At times and in places, peasants were scratching the dismal surfaces with the sort of plows which Abel must have used, when subsoiling was not yet even a dream; and between the plowmen and their ox-teams it seemed a question as to which should loiter longest in the unfinished furrow. Now and then, the rush of the train gave a motionless goatherd, with his gaunt flock, an effect of comparative celerity to the rearward. The women riding their donkeys over

  The level waste, the rounding gray

in the distance were the only women we saw except those who seemed to be keeping the stations, and one very fat one who came to the train at a small town and gabbled volubly to some passenger who made no audible response. She excited herself, but failed to rouse the interest of the other party to the interview, who remained unseen as well as unheard. I could the more have wished to know what it was all about because nothing happened on board the train to distract the mind from the joyless landscape until we drew near Valladolid. It is true that for a while we shared our compartment with a father and his two sons who lunched on slices of the sausage which seems the favorite refection of the Latin as well as the Germanic races in their travels. But this drama was not of intense interest, and we grappled in vain with the question of our companions' social standard. The father, while he munched his bread and sausage, read a newspaper which did not rank him or even define his politics; there was a want of fashion in the cut of the young men's clothes and of freshness in the polish of their tan shoes which defied conjecture. When they left the train without the formalities of leave-taking which had hitherto distinguished our Spanish fellow-travelers, we willingly abandoned them to a sort of middling obscurity; but this may not really have been their origin or their destiny.

That spindling sparseness, worse than utter baldness, of the wheat stubble now disappeared with cinematic suddenness, and our train was running past stretches of vineyard, where, among the green and purple and yellow ranks, the vintagers, with their donkeys and carts, were gathering the grapes in the paling light of the afternoon. Again the scene lacked the charm of woman's presence which the vintage had in southern France. In Spain we nowhere saw the women sharing the outdoor work of the men; and we fancied their absence the effect of the Oriental jealousy lingering from centuries of Moorish domination; though we could not entirely reconcile our theory with the publicity of their washing clothes at every stream. To be sure, that was work which they did not share with men any more than the men shared the labor of the fields with them.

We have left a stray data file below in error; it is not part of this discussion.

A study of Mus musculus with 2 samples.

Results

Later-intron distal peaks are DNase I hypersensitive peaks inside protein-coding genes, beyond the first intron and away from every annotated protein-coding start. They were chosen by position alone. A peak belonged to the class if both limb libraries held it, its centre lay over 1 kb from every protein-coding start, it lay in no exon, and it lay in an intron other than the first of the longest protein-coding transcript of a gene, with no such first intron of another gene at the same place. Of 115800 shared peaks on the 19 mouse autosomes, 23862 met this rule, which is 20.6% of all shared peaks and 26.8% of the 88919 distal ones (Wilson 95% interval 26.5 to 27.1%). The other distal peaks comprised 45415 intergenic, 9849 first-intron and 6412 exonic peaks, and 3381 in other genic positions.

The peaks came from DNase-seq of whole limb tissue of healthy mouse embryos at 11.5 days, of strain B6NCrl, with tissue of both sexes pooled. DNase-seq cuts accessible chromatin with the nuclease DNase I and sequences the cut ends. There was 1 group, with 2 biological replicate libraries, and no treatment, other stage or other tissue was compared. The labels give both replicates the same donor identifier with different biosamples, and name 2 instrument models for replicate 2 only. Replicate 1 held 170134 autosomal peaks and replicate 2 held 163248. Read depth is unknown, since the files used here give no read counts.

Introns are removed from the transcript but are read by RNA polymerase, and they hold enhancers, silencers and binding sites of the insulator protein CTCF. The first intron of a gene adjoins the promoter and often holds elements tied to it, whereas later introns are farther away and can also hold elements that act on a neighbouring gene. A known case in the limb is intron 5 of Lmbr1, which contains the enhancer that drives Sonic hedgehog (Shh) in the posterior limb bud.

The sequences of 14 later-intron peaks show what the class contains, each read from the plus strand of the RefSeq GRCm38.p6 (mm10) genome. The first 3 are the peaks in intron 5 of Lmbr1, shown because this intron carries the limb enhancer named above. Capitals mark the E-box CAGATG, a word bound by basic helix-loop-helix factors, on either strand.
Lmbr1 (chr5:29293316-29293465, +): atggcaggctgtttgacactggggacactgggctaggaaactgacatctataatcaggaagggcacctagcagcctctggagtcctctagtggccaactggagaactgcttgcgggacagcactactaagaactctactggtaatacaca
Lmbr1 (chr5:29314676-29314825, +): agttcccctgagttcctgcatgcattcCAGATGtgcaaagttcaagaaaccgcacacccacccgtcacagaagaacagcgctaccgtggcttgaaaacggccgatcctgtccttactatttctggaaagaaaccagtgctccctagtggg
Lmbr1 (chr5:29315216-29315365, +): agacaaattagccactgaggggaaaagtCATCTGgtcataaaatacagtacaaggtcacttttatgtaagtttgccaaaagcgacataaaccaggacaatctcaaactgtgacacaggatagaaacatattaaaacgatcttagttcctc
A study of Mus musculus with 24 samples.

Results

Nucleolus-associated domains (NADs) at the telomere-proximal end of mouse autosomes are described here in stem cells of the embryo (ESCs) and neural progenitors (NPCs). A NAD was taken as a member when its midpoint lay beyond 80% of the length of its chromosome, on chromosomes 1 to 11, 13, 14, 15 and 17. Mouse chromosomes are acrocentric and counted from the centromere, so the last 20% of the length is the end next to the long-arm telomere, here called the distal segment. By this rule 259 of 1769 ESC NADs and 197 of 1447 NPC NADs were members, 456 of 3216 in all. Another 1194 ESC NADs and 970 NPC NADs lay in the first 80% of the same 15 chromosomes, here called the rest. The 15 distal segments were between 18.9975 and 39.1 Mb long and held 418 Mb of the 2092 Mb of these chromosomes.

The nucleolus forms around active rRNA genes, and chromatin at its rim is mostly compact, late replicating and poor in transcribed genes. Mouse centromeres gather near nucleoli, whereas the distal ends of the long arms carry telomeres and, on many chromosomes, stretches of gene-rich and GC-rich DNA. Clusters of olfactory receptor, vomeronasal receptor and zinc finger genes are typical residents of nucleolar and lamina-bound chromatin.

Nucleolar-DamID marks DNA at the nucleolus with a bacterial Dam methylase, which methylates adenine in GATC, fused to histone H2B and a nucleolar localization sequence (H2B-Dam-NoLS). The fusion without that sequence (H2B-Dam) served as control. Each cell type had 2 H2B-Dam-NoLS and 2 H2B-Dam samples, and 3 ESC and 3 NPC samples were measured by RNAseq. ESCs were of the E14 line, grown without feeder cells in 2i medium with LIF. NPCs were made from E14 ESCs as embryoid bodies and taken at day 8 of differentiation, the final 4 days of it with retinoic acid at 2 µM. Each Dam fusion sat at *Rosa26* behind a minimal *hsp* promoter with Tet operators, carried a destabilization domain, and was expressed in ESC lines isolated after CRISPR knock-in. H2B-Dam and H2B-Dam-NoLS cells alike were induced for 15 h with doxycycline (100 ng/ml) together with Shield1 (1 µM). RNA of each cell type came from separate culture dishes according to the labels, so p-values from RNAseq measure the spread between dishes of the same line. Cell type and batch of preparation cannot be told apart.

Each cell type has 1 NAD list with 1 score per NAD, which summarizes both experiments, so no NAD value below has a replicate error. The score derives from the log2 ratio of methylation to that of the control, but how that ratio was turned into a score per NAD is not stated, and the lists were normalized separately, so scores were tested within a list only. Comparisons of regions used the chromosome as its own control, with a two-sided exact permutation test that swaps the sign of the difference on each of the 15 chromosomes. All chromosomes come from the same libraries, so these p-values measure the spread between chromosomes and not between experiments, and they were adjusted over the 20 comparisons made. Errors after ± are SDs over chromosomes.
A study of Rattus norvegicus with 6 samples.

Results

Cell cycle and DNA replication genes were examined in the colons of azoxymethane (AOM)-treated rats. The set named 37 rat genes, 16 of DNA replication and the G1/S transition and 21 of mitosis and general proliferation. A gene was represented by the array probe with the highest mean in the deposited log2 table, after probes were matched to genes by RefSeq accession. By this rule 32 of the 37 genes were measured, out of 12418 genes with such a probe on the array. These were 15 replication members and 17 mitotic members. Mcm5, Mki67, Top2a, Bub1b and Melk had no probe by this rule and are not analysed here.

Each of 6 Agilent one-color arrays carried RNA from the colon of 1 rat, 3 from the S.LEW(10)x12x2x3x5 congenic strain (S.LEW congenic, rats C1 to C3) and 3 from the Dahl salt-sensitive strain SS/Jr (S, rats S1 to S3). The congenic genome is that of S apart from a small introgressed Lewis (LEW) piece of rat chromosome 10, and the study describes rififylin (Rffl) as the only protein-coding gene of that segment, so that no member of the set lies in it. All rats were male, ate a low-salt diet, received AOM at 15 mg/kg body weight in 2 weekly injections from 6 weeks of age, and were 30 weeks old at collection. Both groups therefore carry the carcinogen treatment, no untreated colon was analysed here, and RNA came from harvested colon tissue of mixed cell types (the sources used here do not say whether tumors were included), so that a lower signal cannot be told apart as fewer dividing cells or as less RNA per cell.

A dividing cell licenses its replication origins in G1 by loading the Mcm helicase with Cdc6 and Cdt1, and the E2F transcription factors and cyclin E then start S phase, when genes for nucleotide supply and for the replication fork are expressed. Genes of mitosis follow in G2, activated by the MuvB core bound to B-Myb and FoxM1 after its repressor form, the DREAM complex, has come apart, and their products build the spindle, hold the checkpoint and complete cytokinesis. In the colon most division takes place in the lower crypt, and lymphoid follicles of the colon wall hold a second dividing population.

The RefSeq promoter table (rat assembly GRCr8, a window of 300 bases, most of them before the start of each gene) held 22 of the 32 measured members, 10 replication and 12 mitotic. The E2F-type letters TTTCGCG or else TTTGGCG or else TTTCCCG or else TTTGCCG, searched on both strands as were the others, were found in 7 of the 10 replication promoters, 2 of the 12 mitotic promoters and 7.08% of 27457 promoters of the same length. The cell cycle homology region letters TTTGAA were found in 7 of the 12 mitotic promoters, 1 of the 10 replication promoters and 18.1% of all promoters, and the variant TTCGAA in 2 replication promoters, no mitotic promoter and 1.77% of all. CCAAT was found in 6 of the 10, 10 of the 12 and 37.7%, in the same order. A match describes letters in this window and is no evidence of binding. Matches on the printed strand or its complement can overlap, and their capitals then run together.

It was still afternoon, well before sunset, when we arrived at Valladolid, where one of the quaintest of our Spanish surprises awaited us. We knew that the omnibus of the hotel we had chosen would be the shabbiest omnibus at the station, and we saw without great alarm our Chilian friends drive off in an indefinitely finer vehicle. But what we were not prepared for was the fact of octroi at Valladolid, and for the strange behavior of the local customs officer who stopped us on our way into the town. He looked a very amiable young man as he put his face in at the omnibus door, and he received without explicit question our declaration that we had nothing taxable in our trunks. Then, however, he mounted to the top of the omnibus and thumped our trunks about as if to test them for contraband by the sound. The investigation continued on these strange terms until the officer had satisfied himself of our good faith, when he got down and with a friendly smile at the window bowed us into Valladolid.

In its way nothing could have been more charming; and we rather liked being left by the omnibus about a block from our hotel, on the border of a sort of promenade where no vehicles were allowed. We had been halted near a public fountain, where already the mothers and daughters of the neighborhood were gathered with earthen jars for the night's supply of water. The jars were not so large as to overburden any of them when, after just delay for exchange of gossip, the girls and goodwives put them on their heads and marched erectly away with them, each beautifully picturesque irrespective of her age or looks.

The air was soft, and after Burgos, warm; something southern, unfelt before, began to qualify the whole scene, which as the evening fell grew more dramatic, and made the promenade the theater of emotions permitted such unrestricted play nowhere else in Spain, so far as we were witness. On one side the place was arcaded, and bordered with little shops, not so obtrusively brilliant that the young people who walked up and down before them were in a glare of publicity. A little way off the avenue expanded into a fine oblong place, where some first martyrs of the Inquisition were burned. But the promenadefs kept well short of this, as they walked up and down, and talked, talked, talked in that inexhaustible interest which youth takes in itself the world over. They were in the standard proportion of two girls to one young man, or, if here and there a girl had an undivided young man to herself, she went before some older maiden or matron whom she left altogether out of the conversation. They mostly wore the skirts and hats of Paris, and if the scene of the fountain was Arabically oriental the promenade was almost Americanly occidental. The promenaders were there by hundreds; they filled the avenue from side to side, and

  The delight of happy laughter 
  The delight of low replies

that rose from their progress, with the chirp and whisper of their feet cheered the night as long as we watched and listened from the sun balcony of our hotel.